Sandra's Reviews > Sex, Botany And Empire

Sex, Botany And Empire by Patricia Fara

bookshelves: non-fiction, gardening
Read from July 05 to 19, 2011

I was expecting more from this book than it delivered. A disappointment.

Sure we find out all about Sir Joseph Bank's public life, which I knew most of anyway, being a semi-literate Aussie. But we learn next to nothing of his personal life. To me that is not a well rounded biography.

We learn he dumped his fianceé after being on his South Pacific trip with Captain Cook, where Aussie was discovered, for 3 years. There are 2 lines somewhere in the middle of the book that state he married a woman wealthier than himself and that his sister Sarah came to live with them and there was a menage á trois. That's it!

Oh sorry, we also learn that he was a typical Victorian gentleman, the epitomy of WASP and the rest of the world was dogfood.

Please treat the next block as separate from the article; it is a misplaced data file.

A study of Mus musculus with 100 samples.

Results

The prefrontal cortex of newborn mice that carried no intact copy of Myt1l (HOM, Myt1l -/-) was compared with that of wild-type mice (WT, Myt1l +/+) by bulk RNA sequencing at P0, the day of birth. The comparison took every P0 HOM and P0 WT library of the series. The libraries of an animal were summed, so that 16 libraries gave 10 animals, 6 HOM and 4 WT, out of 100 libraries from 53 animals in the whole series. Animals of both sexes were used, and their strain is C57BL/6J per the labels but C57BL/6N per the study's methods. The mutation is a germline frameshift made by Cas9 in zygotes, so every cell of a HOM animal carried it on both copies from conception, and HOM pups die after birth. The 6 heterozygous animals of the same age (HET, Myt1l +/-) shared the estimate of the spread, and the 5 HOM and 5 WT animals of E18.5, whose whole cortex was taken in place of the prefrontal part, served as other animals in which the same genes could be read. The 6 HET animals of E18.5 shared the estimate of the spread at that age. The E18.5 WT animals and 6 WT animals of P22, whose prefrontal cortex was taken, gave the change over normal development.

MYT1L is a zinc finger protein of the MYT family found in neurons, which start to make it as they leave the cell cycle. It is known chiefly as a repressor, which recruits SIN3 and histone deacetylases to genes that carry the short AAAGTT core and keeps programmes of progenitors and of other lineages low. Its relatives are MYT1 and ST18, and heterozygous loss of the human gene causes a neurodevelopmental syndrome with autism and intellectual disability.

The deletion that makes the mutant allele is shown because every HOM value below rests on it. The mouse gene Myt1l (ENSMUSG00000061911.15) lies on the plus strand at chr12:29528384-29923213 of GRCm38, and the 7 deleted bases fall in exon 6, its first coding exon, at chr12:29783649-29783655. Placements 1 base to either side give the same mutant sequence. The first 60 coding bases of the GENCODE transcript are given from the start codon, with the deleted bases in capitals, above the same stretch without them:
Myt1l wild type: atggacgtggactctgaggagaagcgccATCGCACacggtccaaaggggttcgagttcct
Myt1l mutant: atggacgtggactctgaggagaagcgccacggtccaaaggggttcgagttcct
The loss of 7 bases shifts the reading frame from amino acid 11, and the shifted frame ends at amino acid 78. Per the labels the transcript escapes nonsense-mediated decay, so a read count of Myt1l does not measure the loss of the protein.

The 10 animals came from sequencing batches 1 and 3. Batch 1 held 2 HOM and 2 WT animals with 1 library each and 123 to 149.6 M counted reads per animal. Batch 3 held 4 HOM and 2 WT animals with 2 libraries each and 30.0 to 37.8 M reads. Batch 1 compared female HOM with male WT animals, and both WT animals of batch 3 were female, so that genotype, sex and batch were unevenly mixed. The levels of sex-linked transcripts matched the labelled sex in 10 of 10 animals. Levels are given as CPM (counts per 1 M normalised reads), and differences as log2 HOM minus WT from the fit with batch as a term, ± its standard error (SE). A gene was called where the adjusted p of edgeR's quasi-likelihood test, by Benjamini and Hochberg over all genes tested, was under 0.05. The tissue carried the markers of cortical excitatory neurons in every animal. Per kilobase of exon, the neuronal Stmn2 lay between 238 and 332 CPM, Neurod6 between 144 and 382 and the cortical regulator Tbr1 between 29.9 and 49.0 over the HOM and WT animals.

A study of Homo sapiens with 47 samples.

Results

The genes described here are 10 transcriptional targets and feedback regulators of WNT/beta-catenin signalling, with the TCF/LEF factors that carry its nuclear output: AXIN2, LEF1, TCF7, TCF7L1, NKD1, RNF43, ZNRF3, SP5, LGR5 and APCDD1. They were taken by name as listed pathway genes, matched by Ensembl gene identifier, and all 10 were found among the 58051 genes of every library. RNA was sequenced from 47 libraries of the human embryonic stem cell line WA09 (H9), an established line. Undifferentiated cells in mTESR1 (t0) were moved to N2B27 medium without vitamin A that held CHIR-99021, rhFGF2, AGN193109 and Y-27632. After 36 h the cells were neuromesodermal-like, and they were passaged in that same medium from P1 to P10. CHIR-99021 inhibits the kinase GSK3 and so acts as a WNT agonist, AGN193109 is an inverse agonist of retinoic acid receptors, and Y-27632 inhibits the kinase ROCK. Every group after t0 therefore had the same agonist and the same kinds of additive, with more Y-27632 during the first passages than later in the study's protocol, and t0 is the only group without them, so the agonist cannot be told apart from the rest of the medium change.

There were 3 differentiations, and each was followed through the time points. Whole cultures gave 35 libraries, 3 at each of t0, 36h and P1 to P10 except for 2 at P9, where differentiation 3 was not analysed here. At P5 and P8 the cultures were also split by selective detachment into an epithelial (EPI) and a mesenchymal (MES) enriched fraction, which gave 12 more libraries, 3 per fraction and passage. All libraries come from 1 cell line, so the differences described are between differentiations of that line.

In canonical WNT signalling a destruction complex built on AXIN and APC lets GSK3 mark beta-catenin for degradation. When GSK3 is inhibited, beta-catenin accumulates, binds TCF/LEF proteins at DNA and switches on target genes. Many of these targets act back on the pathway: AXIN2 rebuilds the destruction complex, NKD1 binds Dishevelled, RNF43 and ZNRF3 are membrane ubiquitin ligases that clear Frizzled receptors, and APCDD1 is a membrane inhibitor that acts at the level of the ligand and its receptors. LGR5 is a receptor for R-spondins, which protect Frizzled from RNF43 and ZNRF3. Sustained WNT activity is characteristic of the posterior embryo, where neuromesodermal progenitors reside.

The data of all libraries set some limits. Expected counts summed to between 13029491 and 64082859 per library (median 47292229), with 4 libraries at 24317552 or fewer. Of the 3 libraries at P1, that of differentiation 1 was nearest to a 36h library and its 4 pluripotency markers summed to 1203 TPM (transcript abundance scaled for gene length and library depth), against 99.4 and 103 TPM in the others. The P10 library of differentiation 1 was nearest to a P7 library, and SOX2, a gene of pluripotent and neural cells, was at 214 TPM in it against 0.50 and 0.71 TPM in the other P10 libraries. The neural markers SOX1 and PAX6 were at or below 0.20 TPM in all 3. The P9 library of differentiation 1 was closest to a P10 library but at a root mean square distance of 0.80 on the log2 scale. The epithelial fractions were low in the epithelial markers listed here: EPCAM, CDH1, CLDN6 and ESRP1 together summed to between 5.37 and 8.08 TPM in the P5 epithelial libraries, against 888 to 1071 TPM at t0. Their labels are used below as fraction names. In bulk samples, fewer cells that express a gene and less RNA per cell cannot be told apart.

Rant over. Some of the good things I learned that I hadn't known was that Captain Bligh and the Bounty were actually on a voyage to ship breadfruit from Tahiti to the caribeen to feed the plantation slaves at the behest of Banks, when the mutiny happened.

Apart from it being his idea to ship all those excess prisoners out here from England, which ended up being a very good thing, he also managed to send Merino sheep, wheat and lots of other food staple crops. He also sent various crops to other English colonies so that we could all feed England and do our bit for "the mother country."

Still, this is a very rambling style of book and not well written IMO. It jumped all over the place.

I've no idea of birth or death dates for either gentleman. I deliberately confined most of my review to Joseph Banks because I did know something of his life but I didn't know anything of Carl Linnaeus before this book, so I did learn something. He is the father of the modern way of classifying, particularly plants but also the animal kingdom, eg homo sapiens. And being a gardener, I use his system all the time.



Sandra Andrew, thanks for that, but it was a casual interest only.